Five days later she fell ill with a high temperature.
She was given medication but did not recover for close to six weeks.
Kate’s lack of response to noise in her surroundings alerted Mrs Wallace to potential hearing problems. After tests she was diagnosed with permanent hearing loss in both ears.
Kate’s deafness followed a worrying and puzzling time for the family.
She had her MMR inoculation on December 16.
By the following Monday she had a high temperature and was generally unhappy.
She was given medication but by Christmas Eve her skin was blotchy, so Mr and Mrs Wallace took their daughter to an accident and emergency clinic.
Kate was given antibiotics for an ear infection but by Christmas Day she stopped walking and was unresponsive to activity around her.
After another A&E visit she didn’t get worse but got no better. A viral infection was diagnosed.
It was nearly the end of January before she regained her confidence to walk again and was back to her happy self.
However, Mrs Wallace says, she was unresponsive.
“She did not respond when we shook the car keys to say we were going out,” she says.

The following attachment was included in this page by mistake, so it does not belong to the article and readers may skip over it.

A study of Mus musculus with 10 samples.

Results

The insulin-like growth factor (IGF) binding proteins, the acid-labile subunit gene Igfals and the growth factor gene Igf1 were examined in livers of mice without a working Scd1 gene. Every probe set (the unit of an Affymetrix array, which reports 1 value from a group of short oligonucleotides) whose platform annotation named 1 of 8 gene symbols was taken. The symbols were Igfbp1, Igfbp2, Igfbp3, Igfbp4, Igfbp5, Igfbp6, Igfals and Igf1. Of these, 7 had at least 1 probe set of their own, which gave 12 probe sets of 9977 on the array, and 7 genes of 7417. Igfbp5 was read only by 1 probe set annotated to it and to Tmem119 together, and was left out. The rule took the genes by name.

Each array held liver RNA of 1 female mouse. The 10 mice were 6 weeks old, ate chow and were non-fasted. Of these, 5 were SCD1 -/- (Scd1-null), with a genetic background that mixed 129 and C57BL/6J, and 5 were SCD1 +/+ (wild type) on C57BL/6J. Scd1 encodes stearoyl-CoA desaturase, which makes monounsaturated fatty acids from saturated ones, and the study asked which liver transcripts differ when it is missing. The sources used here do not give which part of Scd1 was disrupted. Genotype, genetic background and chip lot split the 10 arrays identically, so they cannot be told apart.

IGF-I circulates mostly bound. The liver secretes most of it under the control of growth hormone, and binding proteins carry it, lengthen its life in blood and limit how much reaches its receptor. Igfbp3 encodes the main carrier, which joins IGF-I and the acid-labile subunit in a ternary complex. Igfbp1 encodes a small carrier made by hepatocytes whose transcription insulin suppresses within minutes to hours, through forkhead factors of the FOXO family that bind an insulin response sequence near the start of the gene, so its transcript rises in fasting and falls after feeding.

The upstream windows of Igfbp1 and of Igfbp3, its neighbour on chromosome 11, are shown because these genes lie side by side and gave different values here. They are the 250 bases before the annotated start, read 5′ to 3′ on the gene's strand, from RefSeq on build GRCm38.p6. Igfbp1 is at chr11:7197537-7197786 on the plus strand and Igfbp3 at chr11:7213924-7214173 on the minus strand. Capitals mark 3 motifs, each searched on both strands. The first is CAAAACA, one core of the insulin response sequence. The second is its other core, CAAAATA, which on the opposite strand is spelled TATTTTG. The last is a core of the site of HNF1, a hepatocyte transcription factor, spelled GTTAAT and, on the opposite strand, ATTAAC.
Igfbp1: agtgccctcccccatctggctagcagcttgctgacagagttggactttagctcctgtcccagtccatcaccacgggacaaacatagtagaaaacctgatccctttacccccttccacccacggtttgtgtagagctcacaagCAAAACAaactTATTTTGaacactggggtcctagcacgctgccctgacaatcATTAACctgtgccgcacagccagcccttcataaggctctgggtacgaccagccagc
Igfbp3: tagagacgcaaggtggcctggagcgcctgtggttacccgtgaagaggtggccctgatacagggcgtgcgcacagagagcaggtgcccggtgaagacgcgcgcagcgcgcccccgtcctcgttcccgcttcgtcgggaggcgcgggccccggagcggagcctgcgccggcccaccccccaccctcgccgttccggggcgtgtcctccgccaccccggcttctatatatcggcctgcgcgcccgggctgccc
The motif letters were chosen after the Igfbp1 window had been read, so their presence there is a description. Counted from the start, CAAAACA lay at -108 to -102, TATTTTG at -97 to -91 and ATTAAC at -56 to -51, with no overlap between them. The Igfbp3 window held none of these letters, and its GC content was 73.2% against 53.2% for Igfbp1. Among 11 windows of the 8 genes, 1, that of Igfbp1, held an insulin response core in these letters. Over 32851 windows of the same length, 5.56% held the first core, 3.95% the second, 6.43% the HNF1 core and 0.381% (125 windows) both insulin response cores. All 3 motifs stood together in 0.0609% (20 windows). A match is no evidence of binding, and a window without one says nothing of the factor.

“She just sat on the couch and continued to play with her toys.
“When the dogs barked she didn’t point at them like she usually did. I realised something was wrong.”
So the Wallaces did some “home tests”.
“We banged some pots together right behind her but she registered no fright,” Mr Wallace says.
A hearing test was prescribed and her hearing loss was officially confirmed.
The system swung into action with visits to therapists and audiologists at The Hearing House, hearing specialists at the Manukau SuperClinic, Starship hospital and the Northern Cochlear Implant Trust, which has the Ministry of Health contract to provide an implant programme for the northern region.
No one, however, will sheet the deafness back to the inoculation, say the Wallaces.
Source: Howick and Pakuranga Times, 23 March 2009.